Retired Lahaina priest Gary Colton will be at the center of holy activity next month as one of the priests who will assist Catholic bishops during the canonization of Mother Marianne Cope.
The recently retired pastor of Maria Lanakila Catholic Church in Lahaina was asked by Bishop Larry Silva of the Diocese of Honolulu to assist at the main altar during the canonization Mass in Rome on Oct. 21.
"I'm honored," Colton said about his assignment.
A photo from the exhibit “A Reflection of Kalaupapa Past Present and Future” features Mother Marianne Cope at the Kakaako Branch Hospital in 1885. The original photo comes from the Collection of the IDEA Archives. This photo of the original photograph was taken by The Maui News photographer Matthew Thayer.
Retired priest Gary Colton (middle) poses in Rome with Maria Lanakila Church parishioners Marie and Anthony LaBanca during the canonization of Father Damien in 2009. Colton, of Kihei, will be attending the canonization of Mother Marianne Cope in October.
A priest from Oahu also will assist at the altar, Colton said.
In addition to participating in the ceremony, Colton is looking forward to being reunited with some of the Kalaupapa patients, whom he became acquainted with during this frequent visits to the isolated community.
Nine Kalaupapa patients will make the trek to Rome, said Sister Alicia Damien Lau of the Sisters of St. Francis of the Neumann Communities on Oahu, who is coordinating the patients' trip. Lau, who is from the same religious community as Mother Marianne, said she thought it was "very important" that the patients witness the ceremony.
"You cannot think Damien's name without thinking of Sister Marianne. Both of them are saints in Kalaupapa," she said.
Mother Marianne is known as the nun who succeeded St. Damien in caring for exiled leprosy patients on Molokai. She and other Sisters of St. Francis members went to Kalaupapa to help leprosy patients in November 1888. She and her fellow sisters ran various homes, including one founded by St. Damien.
Mother Marianne never went back to the Mainland and spent the rest of her life at Kalaupapa. She died there in 1918 at the age of 80.
Seawind Tours & Travel on Oahu, which is hosting the only canonization tour with Bishop Silva, said currently there is a waiting list for that tour. The group includes the patients, their caregivers, other staff and parishioners.
They will travel to Syracuse, N.Y., where, in November 1862, Mother Marianne entered the Sisters of St. Francis, as well as to Rome marking her official ascension to sainthood.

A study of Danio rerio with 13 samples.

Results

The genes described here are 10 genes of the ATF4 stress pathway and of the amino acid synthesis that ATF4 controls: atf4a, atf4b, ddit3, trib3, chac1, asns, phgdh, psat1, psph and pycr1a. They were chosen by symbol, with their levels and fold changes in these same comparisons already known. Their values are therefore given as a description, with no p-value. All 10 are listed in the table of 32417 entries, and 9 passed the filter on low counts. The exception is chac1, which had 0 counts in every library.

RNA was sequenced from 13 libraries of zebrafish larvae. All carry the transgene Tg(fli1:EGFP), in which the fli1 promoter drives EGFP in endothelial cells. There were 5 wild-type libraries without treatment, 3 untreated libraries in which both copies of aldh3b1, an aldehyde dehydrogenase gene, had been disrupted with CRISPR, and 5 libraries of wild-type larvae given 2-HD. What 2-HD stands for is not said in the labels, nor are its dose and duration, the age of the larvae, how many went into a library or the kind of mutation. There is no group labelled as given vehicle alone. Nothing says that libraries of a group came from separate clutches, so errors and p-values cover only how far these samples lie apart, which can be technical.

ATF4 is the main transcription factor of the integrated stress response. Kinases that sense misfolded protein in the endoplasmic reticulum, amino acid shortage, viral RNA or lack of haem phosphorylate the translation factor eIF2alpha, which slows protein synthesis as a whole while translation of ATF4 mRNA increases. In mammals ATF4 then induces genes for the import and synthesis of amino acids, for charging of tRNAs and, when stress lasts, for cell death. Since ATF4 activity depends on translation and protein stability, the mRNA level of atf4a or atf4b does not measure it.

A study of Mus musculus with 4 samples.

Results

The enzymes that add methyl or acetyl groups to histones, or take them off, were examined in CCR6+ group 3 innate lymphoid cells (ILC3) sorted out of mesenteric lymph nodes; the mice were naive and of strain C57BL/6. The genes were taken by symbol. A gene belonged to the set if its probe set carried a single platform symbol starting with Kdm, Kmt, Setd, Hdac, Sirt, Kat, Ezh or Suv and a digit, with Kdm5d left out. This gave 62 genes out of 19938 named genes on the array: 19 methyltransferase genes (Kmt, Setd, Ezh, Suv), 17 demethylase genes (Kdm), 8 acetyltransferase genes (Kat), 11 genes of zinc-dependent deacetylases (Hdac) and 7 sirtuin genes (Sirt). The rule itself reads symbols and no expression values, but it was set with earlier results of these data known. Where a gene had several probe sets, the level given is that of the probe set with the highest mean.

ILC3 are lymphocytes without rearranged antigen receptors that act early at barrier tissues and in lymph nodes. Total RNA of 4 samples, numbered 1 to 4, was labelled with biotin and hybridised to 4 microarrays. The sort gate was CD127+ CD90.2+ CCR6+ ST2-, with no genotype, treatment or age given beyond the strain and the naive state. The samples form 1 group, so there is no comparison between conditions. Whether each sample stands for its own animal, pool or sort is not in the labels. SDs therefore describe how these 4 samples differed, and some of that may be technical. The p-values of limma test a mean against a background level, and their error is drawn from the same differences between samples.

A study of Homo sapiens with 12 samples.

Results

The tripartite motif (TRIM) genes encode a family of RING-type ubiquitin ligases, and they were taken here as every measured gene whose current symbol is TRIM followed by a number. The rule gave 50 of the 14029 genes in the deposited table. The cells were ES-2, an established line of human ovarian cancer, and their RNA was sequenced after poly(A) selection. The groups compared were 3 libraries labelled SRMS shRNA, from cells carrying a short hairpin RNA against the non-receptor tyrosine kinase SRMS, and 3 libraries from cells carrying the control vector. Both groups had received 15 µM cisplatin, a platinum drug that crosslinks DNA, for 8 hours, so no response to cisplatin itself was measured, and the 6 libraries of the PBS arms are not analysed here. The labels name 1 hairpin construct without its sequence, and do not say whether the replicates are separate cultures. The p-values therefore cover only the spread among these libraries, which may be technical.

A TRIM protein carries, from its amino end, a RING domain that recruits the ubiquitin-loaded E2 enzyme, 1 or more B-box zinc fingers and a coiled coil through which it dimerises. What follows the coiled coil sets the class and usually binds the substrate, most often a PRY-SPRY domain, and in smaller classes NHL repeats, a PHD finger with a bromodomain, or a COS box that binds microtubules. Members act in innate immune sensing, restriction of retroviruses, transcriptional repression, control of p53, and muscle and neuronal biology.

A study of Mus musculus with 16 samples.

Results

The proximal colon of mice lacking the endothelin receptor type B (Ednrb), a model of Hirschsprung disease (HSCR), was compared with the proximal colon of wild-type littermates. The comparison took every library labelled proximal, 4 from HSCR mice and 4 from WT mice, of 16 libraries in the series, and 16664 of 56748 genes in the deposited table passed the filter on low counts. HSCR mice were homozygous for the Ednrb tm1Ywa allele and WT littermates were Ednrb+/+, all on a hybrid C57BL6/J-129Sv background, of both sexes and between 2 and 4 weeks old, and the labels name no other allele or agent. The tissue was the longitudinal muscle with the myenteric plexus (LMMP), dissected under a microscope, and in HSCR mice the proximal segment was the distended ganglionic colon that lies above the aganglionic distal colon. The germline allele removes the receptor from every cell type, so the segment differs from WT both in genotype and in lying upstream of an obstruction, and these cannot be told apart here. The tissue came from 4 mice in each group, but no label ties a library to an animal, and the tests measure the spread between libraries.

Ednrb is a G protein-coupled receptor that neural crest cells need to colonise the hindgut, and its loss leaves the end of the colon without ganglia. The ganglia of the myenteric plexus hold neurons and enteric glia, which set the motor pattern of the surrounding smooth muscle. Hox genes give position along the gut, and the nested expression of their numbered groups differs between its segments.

Recently, a fundraiser was held on Oahu to pay for the travel expenses of patients, their caregivers and other staff.
"People just came out of the woodwork in order to support the patients going to Syracuse and Rome," said Lau.
She is "very excited" to attend the canonization of Mother Marianne. Lau said that the more she studies and reads about Mother Marianne, the more she tries to emulate her.
"How can I live my life like she did?" Lau said she asks herself. "How can I be of service to people?"
The breadth of Mother Marianne's work was familiar to Colton as well. When he attended the canonization of Father Damien in 2009, he knew Mother Marianne also would become a saint.
"Start saving your money, we're coming back," Colton said he remembers telling others in Rome.
Colton said he also has a "family connection with Kalaupapa."
During the 1940s and '50s, his father, Lloyd Colton, a dentist, used to visit Kalaupapa once a month. He was contracted by the state. Although his father did not serve patients, only the staff, his father did make friends with the patients. He did not treat patients because there were worries back then that he might contract the disease.
Lloyd Colton also befriended the St. Francis sisters whom he treated. They told him about Mother Marianne.
"All of them were his patients and told him stories of what happened. It just became a special place for him," the retired church leader said.
Gary Colton said he remembers that his father used to carry around a medal with Mother Marianne's photo on it.
"It's almost like I have a family connection there, so it's important that I go," he said.
Mother Marianne arrived in Hawaii on Nov. 8, 1883, at the age of 45, with six other Franciscan sisters. She served as an administrator at Honolulu's Kakaako Branch Hospital for leprosy patients, opened Kapiolani Home for the daughters of leprosy patients and founded Maui's first general hospital, Malulani.
Mother Marianne went on to the Kalaupapa settlement in 1888, five months before the death of St. Damien.
She also took care of the "well children" of leprosy patients.
Mother Marianne's remains were exhumed from her Kalaupapa grave site in 2005 to be taken back to the motherhouse chapel of her Sisters of St. Francis in Syracuse. Still, some of her remains are on Molokai, Lau said.
She said it appeared that Mother Marianne had osteoporosis, so her bones were brittle. While large bones were exhumed from the grave, Lau said, many smaller brittle bones are still in the Kalaupapa soil.
Lau said knowing that Mother Marianne was still on the island brought some relief for the patients who didn't want to see her leave.
A tour featuring a relic of Mother Marianne that is currently housed at Honolulu's Cathedral of Our Lady of Peace in Honolulu will be held in the islands after her canonization, along with other events, Lau said.
* Melissa Tanji can be reached at firstname.lastname@example.org.